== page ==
Fair's Organizers Facing The Task Of Topping The Success Of 1991

August 11, 1991|By Kerry O'Rourke | Kerry O'Rourke,Staff writer

WESTMINSTER — As chairman of the Carroll County 4-H/FFA Fair next year, Donald E. Lippy of Hampstead knows he wants to improve things, but he's not quite sure how.

"It went great this year," he said.

Current chairman Calvin W. Brothers of Gamber said crowds each night at the week-long fair were larger than he's ever seen.

The 94th annual fair ran from July 28 through Aug. 3 at the Agriculture Center.

4-H Extension Service Agent Robert M. Shirley estimated attendance at between 18,000 and 20,000 for the week, up about 10 percent from last year.

He arrived at the attendance figure in part by looking at how many cars were in the field that serves as a parking lot. This year, cars stretched out farther than in years past, he said.

The number of exhibits entered by 4-H'ers and Future Farmer of America members also increased this year by about 200, Shirley said. About9,200 exhibits were entered and judged during the week.

"It was an exceptionally fine fair," he said.

Brothers, who was chairman for two years, said, "We were pleased with everything that happened this year -- no complaints whatsoever."

Fair goers and participants showed their generosity this year by donating about $5,500 to the Kimberly Dawn Baile Memorial Scholarship Endowment Fund.

"It was overwhelming -- fabulous," her mother, Judy Baile of Union Bridge, said. "I can't believe the response."

Kimberly Baile, a 4-H member for eight years, died in a car accident last May. The endowment fund will provide a scholarship annually to a county 4-H'er. The first scholarship will be awarded next year, her mother said.

The money from the grand champion baked item at the cake auction -- $1,900 -- was donated to the fund, as well as $530 from other baked goods sold at the sale.

The cake auction, one of the most popular events at the fair, raised $16,380, which was $2,407 more than last year. The money is used to pay for next year's fair.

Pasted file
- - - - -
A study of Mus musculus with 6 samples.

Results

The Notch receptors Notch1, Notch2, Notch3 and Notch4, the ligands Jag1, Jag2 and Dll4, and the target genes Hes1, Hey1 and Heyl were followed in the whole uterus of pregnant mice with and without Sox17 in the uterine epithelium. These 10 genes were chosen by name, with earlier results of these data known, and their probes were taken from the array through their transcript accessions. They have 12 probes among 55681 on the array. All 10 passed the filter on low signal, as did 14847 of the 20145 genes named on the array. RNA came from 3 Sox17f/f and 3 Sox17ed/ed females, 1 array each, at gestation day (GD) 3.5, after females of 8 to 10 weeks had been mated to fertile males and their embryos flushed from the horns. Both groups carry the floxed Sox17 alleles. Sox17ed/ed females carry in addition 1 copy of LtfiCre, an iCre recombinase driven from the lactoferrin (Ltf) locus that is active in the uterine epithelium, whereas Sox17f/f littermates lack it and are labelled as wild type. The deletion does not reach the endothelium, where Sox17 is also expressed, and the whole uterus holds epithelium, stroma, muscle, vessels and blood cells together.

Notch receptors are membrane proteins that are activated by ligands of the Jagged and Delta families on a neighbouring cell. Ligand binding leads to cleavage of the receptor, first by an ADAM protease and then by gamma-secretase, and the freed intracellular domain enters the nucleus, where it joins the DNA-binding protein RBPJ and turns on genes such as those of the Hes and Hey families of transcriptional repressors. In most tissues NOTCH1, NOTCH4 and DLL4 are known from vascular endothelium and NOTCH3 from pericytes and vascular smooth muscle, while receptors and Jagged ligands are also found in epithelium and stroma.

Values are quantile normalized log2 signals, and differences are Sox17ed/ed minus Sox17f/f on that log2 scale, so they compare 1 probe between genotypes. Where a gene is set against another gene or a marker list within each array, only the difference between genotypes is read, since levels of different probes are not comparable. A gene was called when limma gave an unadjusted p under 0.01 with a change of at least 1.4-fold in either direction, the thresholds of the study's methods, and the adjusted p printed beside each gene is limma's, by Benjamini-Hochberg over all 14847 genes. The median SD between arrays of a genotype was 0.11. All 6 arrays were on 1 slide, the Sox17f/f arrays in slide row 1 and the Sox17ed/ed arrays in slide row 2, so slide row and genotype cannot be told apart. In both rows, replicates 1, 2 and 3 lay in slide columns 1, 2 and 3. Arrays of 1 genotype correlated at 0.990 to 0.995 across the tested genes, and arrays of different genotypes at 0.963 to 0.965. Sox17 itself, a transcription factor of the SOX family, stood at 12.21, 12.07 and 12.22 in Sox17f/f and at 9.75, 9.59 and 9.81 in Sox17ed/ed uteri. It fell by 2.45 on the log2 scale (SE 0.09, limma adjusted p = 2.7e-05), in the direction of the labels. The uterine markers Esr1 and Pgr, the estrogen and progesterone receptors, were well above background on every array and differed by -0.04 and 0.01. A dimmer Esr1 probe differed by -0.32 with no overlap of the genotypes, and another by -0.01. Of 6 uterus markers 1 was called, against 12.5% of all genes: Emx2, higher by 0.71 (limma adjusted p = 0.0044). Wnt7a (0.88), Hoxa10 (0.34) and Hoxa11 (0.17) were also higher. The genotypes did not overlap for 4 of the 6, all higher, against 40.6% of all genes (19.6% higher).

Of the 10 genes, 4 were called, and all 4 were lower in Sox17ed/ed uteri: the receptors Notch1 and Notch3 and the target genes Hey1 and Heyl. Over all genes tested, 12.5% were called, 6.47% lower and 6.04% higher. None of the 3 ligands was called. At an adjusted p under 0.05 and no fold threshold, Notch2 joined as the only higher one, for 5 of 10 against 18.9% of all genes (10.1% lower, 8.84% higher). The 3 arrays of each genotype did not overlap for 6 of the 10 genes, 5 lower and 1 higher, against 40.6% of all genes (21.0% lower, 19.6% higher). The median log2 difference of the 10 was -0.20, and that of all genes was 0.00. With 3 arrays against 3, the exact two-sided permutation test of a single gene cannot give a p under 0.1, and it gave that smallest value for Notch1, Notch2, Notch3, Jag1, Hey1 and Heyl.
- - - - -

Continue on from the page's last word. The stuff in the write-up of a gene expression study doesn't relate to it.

Shirley said organizers did not expect the total to be higher than last year because of the slow economy.

"It was a pleasant surprise," he said.

The livestock auction,another highlight of the week, raised at least $3,130 for the scholarship fund, sale chairman David Geiman of Deep Run said. Seven animals were donated to the fund and have yet to be sold at various livestock auctions, he said.

A lump sum came from Monica Feeser of Taneytown, who donated the proceeds from the sale of her reserve grand champion market lamb -- $1,750.

The livestock sale raised $102,556.75 this year, which was $28,671.50 less than last year but more than organizers expected.

"It was a lot better sale than what we expected with the economy," said Becky Geiman, sale committee secretary.

The top buyer at the sale was Martin K.P. Hill of Masonry Contractors Inc. in Manchester. He spent $15,586.75, Becky Geiman said. Among other animals, Hill purchased the grand champion market hog, which was raised by Feeser.

Giant Food Inc., which opened a new store here in April, was a first-time buyer at the sale and spent $10,992.25. The company bought the grand champion steer, raised by Feeser, and the grand champion market lamb, raised by Jessica Fogle.

The Westminster Livestock Auction was the third-top buyer, with purchases totaling $4,588, Becky Geiman said. J.D. Mullinix and Sons of Howard County was fourth with $3,329.29.

Meetings to evaluate this year's fair and look ahead to next year's have begun already, Lippy said, adding that he's looking forward to overseeing the event.

He said he hopes attendance will continue to increase.

"Every year more people know about it, and it's free," he said.

For information about 4-H programs, call the Cooperative Extension Service at 848-4611.